While academia and the accounting industry remain largely unprepared for the transition to IFRS, there is a new expectation on the classes of 2010, 2011 and beyond to be prepared despite lack of a decent opportunity at being prepped by college curriculum.
In a side note to this December 2008 Journal of Accountancy article on IFRS in the classroom, JofA writer Kim Nilsen points out that large firms like PricewaterhouseCoopers will be expecting today’s sophomores to have a fundamental knowledge of IFRS financial statements fresh out of school.
As the economic constriction in our country and the world tightens around new hire opportunities, it appears as though the sophomores will have to figure out much of it on their own.
Fraud Files blogger Tracy Coenen expressed concern in June that unqualified (read: unexperienced) professors may feel pressure to bring IFRS coursework into their curriculum without a basic understanding of what exactly it is that they are teaching.
“To prepare the U.S. industry, the content specifications of the Uniform CPA Examination should be updated to include IFRS to incentivize colleges and universities to begin the augmentation of curricula for future students, and IFRS-based continuing education should be developed for U.S. firms,” says NASBA Senior VP Ken Bishop.
Firms have already made the jump, with the Big 4 doing their part to infuse IFRS in college curriculum. But for today’s sophomore, a new hire offer may seem a long way off and IFRS coursework sadly under-represented in accounting programs across the country.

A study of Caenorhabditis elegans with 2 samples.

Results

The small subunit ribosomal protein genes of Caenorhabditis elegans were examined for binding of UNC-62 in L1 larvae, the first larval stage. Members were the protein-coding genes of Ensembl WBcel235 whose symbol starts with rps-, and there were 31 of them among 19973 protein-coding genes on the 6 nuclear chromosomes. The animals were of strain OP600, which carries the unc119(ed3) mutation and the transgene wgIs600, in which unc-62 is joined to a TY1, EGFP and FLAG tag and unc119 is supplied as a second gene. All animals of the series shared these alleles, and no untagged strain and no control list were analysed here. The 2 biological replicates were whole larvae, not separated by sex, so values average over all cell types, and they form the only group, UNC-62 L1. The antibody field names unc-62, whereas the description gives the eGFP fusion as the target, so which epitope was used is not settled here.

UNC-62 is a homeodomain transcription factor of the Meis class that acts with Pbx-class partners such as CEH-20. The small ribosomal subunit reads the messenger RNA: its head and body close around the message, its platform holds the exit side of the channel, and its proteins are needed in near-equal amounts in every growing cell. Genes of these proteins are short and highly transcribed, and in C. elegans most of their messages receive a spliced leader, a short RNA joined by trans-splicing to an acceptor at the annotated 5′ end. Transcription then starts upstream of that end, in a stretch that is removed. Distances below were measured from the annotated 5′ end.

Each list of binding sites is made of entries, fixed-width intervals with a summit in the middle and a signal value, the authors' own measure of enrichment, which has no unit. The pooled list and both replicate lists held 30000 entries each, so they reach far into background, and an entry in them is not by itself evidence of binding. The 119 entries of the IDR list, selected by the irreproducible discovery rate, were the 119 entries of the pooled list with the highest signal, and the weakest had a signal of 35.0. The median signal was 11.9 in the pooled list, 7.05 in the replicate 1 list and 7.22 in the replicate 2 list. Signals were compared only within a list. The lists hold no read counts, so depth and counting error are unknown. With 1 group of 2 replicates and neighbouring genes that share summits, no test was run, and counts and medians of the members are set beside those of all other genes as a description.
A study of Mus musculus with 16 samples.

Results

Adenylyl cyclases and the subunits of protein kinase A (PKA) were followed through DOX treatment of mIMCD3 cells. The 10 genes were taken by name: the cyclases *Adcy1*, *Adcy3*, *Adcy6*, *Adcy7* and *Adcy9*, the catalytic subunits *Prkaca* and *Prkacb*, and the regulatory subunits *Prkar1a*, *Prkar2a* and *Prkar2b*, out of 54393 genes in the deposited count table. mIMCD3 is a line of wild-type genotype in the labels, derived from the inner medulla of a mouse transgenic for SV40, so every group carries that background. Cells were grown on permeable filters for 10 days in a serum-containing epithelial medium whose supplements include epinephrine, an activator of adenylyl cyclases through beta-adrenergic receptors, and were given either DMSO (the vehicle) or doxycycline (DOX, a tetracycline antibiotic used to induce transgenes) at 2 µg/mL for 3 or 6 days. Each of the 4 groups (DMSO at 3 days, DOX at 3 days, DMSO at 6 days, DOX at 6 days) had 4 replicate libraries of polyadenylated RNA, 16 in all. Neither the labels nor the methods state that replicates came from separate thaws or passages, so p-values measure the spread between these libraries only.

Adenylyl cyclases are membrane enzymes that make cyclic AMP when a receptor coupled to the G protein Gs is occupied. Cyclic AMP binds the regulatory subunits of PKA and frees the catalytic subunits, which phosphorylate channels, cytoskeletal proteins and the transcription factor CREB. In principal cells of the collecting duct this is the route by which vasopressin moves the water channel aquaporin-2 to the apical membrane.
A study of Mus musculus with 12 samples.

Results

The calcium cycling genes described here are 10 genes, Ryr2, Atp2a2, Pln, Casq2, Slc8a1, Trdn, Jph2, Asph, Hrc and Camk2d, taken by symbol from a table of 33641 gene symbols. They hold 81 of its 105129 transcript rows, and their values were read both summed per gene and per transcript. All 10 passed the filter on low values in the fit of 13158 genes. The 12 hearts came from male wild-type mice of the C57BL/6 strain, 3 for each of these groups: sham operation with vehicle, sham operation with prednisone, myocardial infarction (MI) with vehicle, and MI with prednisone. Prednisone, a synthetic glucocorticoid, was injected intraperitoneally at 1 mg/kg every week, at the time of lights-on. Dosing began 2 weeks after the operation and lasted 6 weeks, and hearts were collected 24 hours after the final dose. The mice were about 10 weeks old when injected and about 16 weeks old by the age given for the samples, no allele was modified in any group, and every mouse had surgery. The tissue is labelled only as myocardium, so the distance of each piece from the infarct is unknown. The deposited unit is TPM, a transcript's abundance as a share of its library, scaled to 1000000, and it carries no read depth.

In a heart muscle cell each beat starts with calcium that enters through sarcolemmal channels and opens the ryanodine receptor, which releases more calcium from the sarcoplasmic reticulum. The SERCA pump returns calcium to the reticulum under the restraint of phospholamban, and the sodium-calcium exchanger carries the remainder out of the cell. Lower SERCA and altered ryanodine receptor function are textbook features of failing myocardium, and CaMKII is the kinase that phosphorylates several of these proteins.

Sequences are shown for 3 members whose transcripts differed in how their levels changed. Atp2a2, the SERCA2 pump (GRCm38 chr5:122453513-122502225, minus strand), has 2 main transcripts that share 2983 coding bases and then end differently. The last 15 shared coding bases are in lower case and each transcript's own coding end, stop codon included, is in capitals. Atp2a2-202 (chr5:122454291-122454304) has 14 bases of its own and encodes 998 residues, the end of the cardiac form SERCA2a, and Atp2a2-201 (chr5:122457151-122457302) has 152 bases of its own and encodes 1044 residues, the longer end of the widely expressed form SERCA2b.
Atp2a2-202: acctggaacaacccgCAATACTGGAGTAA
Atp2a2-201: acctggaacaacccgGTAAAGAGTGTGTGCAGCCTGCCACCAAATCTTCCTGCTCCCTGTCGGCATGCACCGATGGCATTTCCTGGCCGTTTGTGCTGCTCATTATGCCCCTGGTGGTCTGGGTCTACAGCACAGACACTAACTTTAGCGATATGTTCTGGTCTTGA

Because IFRS relies heavily on principles-based judgments as opposed to GAAP’s definitive rules-based system, it is not just the curriculum but the way in which accounting students are taught that will have to change. IFRS is a lot less focused on research. You dont have to go through volumes to get the right answers,” says D.J. Gannon, head of Deloittes IFRS Center of Excellence. “Its much more of a thinking exercise. We have to make sure those types of messages flow through the universities.
Your best bet as a college student is to go find the education yourself. If an industry giant like PwC sets the precedent by placing an expectation on 2010’s new hires to have IFRS knowledge upon leaving college, you better believe smaller firms will follow the trend. Find out what your school’s accounting department plans to offer and get on board as early as possible.
While any changes to the CPA exam in regards to IFRS content are thus far still under review and discussion by the AICPA, BOE, and NASBA, we’re not talking about CPA licensure here. We’re talking about your career after college and the skills that will be expected you have before you shake that first recruiter’s hand.
So has your school begun offering IFRS coursework? Any rumors of recruiters requiring IFRS-readiness from the December grads? Let us know!